Newsday, December 11, 1994

WHERE THE SUCKERS MOON: An Advertising Story

WHERE THE SUCKERS MOON: An Advertising Story, by Randall Rothenberg. Knopf, 478 pp., $ 25.

IF THE ESSENCE of the American dream is the possibility of self-transformation, then the advertising business is surely the quintessential American industry. In a world of nearly identical products and indecisive consumers, advertising is the grease that oils the machine, as well as a multi-billion-dollar enterprise itself. But, given the pervasive influence of advertising on our culture, how many of us know how it actually works?

In his dramatic and elegantly crafted advertising fable, “Where the Suckers Moon,” Randall Rothenberg uses the story of Subaru’s ill-fated ad campaign as a window on the entire buiness. Rothenberg is master of the micro-macro two-step, interspersing his painstakingly detailed New Journalism look at Subaru with a nuanced historical and philosophical account of the image industry as such. Like a good novel, “Where the Suckers Moon” is bursting with a rich array of fascinating narratives and characters: a primer on advertising, the history of Subaru, smaller stories about the ad agencies competing for the account, and the unhappy marriage between the car company and Wieden & Kennedy, which won it.

Formerly an editor and advertising writer at The New York Times, Rothenberg, although obviously an ad-junky, balances his love for ads with a clear-eyed picture of the business. As he makes abundantly clear, advertising is first and foremost about faith; nobody really knows if it works, and if the emperor isn’t exactly naked, he is not much more than scantily clad. Enormous ingenuity and energy goes into maintaining the faith, which Rothenberg argues is both advertising’s triumph and tragedy – flawed attempts to elevate itself to a modern art form carries a price for our culture. “The best minds of a generation were stirred to fabricate illusions,” he writes. “As the century drew to its close, young men and women were increasingly using their creative powers not to convey high truths or poetry but to dream up five-word slogans.”

When the book opens, Subaru is in trouble. After a meteoric rise in the late ’70s and early ’80s, the Japanese auto company ran into a wall in 1987. The car’s price went up, sales went down, and suddenly the old campaign (“Inexpensive and built to stay that way”) wasn’t moving product. What was “the perfect car for the back-to-the-country, less-is-more, cardigan-wearing Carter era” suddenly needed a new “Big Idea.”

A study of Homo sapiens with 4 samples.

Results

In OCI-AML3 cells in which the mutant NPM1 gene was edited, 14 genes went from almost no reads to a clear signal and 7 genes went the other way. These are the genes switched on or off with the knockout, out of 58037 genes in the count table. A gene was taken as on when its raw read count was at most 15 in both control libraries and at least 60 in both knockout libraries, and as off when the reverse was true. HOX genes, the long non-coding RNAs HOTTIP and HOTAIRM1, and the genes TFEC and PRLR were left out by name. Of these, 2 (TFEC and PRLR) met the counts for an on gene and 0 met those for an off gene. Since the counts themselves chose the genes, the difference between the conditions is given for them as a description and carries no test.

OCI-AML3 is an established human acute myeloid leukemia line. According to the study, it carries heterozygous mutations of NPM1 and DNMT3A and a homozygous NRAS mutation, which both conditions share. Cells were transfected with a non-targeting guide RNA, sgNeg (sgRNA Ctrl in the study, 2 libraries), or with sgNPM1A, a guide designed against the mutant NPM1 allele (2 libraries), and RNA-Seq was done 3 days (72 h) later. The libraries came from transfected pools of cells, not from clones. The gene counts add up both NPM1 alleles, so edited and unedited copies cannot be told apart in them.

But how does a car whose appeal lies precisely in its very lack of pretense and hoopla manage to hype itself? Herein lies the essential tension, a tension that fuels Rothenberg’s book even as it destroyed Subaru’s ad campaign. Subaru’s new ads were based on an idea that became popular in the late ’70s. “If there was no longer anything to say about product,” Rothenberg explains, “they would say something about the people who used them.” Consumers (and their emotions), rather than cars, was their focus; they created ads for people who believed they were too savvy to be affected by advertising.

In its quest for the Big Idea, Subaru hired Wieden & Kennedy, the cutting-edge Seattle agency whose anti-advertising spots had transformed Nike into a household name. W & K specializes in “meta-commercials,” those MTV look-alikes whose broad brush-strokes and pop-culture references create an aura that makes consumers feel good about buying a particular brand of sneaker or car. For Subaru, W & K created a campaign (“Subaru: What to Drive”) whose understated elegance was designed to appeal to the car’s down-to-earth consumers.

The numerous reasons the campaign failed take up most of this book’s 400-plus pages, but among them two stand out. The first is a story of creativity brought to its knees: Ultimately, Subaru’s feuding executives and dealers didn’t know what they wanted, were frightened of W & K’s innovative ads and demanded bland, standard spots. The other reason for the campaign’s failure was economic. In 1991, car sales were at their lowest in eight years and overall advertising spending declined for the first time in 30 years. The car that had once considered marketing itself as “the official car of the recession” (one of W & K’s many rejected ideas) foundered on the shoals of a bad economy. But if advertising is so powerful, why couldn’t it overcome adverse market conditions?

At the book’s conclusion, the reader is left with a sneaking suspicion that Subaru’s demise had more to do with high price than high concept. Rothenberg doesn’t really explore this potential explanation for reasons that are obvious: If, in the end, car sales are determined almost entirely by economics rather than advertising, then ad campaigns (and the books about them) are largely irrelevant. In a better market, Subaru’s campaign might have taken off and Rothenberg’s book would have had a happier ending. Based on the evidence the author offers, I suspect this is true. But that won’t stop any of us from watching, and occasionally even enjoying, advertisements. Nor should it stop anyone from reading this enormously entertaining book.